November 2018

Reprieve as efforts to end Childhood TB intensify in Kenya

Created by:

Eric Kilongi, Associate Director, Communications & Media (Africa)




CaP TB; Tuberculosis

When Josephine Akuom’s 15-month old baby was diagnosed with tuberculosis she felt helpless. Tuberculosis is an infectious disease that, according to a recent report on pediatric TB, kills nearly 250,000 of the one million children who contract it each year.

After three months of unsuccessful treatment, Josephine grew increasingly worried about her daughter’s health. She set off on a journey- traveling more than 200 kilometers from Loorea Matet village in Keiyo to seek help at the Turkana county referral hospital in Lodwar.

The cost of travel was expensive for Josephine, but she knew it was her only chance to save her baby.

The earlier children are diagnosed and treated, the better their chances are of being cured. But not many of them are able to access the care and treatment they need.  In fact, 90% of children who died from TB worldwide went untreated, according to the  2018 pediatric TB report.

“Based on recent Kenya TB Prevalence survey findings we were required to detect about 22,000 children with TB in 2017, but we only identified 7,714 children,” said Dr. Stephen Muleshe, Head of TB care and treatment at the National TB, Leprosy and Lung Disease program.

EGPAF Kenya Country Director, Dr. Eulid Mwangi during the launch of CaP TB at Lodwar County Referral Hospital in Turkana.

Turkana county has the second highest burden of childhood TB with 433 children, after Nairobi, which has 953 children infected with TB according to the 2017 National TB report.

“Many of these children pass through the hands of healthcare workers without knowing they have TB,” added Dr. Muleshe.

In Turkana “Most of the children admitted for TB treatment in the county referral hospital come too late and more than half die”, said Joy Lipesa, the nursing officer in charge of TB treatment says.

It’s unfortunate that we lose many children due to TB in our county. Jane Ajele, Turkana County Health Minister

TB is particularly difficult to diagnose and manage in children since many do not have access to the most effective tests and child-friendly treatments.

“It’s unfortunate that we lose many children due to TB in our county,” said Jane Ajele, Turkana County Health Minister.

Apart from high numbers of children with TB, Turkana also faces the challenge of having a high number of people who do not complete TB treatment—with a ‘lost to follow up’ rate of 17%, over three times the national average.

Staff at Lodwar county referral hospital
Discussion of diagnosing pediatric TB at Lodwar county referral hospital

As Josephine’s little girl continues TB treatment, there’s comfort in knowing Childhood TB is now a priority and diagnosis will not be arduous, thanks to a new Unitaid-funded project implemented by EGPAF that seeks to end childhood illnesses and deaths due to TB.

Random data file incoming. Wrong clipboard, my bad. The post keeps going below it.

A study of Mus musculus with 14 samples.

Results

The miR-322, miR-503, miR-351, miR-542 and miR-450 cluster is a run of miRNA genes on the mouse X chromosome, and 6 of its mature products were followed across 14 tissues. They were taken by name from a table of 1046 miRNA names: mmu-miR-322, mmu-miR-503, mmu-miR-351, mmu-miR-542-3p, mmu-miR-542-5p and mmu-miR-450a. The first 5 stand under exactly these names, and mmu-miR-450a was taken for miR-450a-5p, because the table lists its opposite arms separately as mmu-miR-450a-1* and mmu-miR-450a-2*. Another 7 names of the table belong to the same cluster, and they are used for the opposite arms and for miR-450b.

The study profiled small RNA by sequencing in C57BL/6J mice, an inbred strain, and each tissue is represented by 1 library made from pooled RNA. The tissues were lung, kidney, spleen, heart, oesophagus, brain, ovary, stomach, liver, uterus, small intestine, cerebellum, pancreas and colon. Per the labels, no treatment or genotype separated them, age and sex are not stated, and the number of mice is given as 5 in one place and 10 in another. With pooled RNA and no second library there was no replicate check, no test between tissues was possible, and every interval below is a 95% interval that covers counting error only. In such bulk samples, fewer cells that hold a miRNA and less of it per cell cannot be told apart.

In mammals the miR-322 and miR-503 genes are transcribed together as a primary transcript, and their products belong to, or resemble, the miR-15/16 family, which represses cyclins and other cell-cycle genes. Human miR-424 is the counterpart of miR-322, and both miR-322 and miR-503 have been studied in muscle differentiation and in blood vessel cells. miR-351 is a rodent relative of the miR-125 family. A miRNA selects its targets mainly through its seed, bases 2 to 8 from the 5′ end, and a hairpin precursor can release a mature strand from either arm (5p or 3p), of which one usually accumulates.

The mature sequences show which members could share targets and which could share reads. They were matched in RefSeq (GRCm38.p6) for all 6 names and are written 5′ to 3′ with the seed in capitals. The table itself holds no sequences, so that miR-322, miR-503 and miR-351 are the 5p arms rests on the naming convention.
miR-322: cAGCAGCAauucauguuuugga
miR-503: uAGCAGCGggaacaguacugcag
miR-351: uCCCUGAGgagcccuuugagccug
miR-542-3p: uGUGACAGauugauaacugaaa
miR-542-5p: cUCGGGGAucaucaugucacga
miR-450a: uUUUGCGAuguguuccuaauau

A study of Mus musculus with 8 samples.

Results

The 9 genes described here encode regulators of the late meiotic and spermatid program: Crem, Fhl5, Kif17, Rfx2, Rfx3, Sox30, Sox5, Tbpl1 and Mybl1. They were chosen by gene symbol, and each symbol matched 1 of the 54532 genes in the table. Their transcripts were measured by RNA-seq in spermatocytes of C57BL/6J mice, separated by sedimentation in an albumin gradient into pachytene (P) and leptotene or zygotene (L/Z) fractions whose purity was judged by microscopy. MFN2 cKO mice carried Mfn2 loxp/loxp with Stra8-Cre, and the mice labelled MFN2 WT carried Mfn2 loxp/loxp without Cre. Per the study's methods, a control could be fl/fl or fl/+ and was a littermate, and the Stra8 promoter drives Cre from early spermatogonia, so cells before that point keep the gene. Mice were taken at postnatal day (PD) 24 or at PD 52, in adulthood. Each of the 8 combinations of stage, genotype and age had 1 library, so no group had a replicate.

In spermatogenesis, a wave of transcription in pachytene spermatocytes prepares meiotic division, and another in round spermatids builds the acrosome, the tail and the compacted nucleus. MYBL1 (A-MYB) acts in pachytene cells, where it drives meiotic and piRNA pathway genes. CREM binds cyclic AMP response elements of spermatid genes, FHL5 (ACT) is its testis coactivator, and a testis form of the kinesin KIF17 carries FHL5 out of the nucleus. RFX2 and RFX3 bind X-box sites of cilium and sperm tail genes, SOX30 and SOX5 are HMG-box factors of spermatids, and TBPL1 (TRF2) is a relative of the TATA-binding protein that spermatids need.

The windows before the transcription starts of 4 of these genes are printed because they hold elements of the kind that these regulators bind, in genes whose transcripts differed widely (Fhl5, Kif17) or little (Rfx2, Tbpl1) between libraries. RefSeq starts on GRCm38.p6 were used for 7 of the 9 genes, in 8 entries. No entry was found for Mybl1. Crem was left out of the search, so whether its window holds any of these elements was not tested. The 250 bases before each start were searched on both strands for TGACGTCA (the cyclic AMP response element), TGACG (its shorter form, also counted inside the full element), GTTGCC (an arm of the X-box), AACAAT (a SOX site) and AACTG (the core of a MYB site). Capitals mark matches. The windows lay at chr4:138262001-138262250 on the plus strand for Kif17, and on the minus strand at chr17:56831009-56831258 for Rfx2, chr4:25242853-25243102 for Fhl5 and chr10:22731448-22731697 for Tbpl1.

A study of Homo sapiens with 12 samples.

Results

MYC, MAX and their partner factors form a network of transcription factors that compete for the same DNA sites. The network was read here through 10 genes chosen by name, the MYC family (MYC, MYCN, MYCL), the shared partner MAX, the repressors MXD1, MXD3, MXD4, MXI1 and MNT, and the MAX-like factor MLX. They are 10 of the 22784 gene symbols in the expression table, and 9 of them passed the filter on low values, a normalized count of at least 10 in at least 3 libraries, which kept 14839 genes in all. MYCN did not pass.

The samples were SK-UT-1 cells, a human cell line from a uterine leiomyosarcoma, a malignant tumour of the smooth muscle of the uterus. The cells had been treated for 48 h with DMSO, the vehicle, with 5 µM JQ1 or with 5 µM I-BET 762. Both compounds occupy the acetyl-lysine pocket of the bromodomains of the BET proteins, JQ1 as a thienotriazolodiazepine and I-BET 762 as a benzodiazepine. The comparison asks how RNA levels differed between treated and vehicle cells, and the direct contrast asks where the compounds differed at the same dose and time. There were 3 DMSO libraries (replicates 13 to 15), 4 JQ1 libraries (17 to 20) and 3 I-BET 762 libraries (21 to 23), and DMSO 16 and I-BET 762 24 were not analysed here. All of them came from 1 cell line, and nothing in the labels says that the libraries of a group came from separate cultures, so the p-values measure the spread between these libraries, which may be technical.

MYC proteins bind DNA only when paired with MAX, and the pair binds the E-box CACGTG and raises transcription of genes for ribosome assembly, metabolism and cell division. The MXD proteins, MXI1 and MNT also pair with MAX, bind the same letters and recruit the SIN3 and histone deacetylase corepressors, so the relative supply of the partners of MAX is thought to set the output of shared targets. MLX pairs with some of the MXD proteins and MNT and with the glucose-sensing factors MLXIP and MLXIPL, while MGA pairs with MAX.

Launched in Turkana where the need is the greatest in Kenya, the CaP TB project, short for Catalyzing Pediatric TB innovations, will leverage EGPAF’s work with the Ministry of Health and other networks to address the gaps in childhood TB diagnosis and treatment in Turkana and Homa Bay counties. The National TB program has also selected Turkana and Homa Bay to be centers of excellence for TB.

The 4-year project is expected to detect and treat at least 1,300 children with TB and help to protect more than 5,500 children with latent TB from developing active TB.

The 4-year project is expected to detect and treat at least 1,300 children with TB and help to protect more than 5,500 children with latent TB from developing active TB. Starting with 30 high volume facilities, the project will be scaled up to 50 facilities. Lessons learned from the scale-up will be used to inform national and global implementation.

CaP TB will intensify prevention efforts by screening all contacts of adults with TB and ensuring children are diagnosed at every entry. The project will establish a network of radiologists to read and interpret chest x-rays for children and strengthen sample referral system among the treatment sites.

Partners from Stop TB Kenya, National TB program, Turkana county government and Network of women living with HIV (NEPHAK) join EGPAF in celebrating the launch of CaP TB in Kenya.

“Now that diagnosis of TB in children has been made easy, we will go from house to house to ensure all children with TB are identified and treated”, Dr. Gilchrist Lokoel Director of Medical Services in Turkana county says.

The project will help to complement the investments the county government of Turkana has put in place through a strengthened workforce that has grown from 254 to more than 1,300 health care workers. The county also recently enacted the Community Health Strategy Act. This will strengthen community interventions by including screening for TB, tracing the contacts of people with TB, and ensure that patients complete their TB treatment.

Turkana traditional dancers entertain and urge people to participate in TB testing.
Josephine Akuom and her 15-month old baby at the TB center in Lodwa county referral hospital.

“As defenders of children’s health, we at the Elizabeth Glaser Pediatric AIDS Foundation are determined to help find and implement innovative and effective solutions to eliminate the impact of the TB epidemic on children and their families,” Dr. Eliud Mwangi, Country Director for EGPAF in Kenya, said.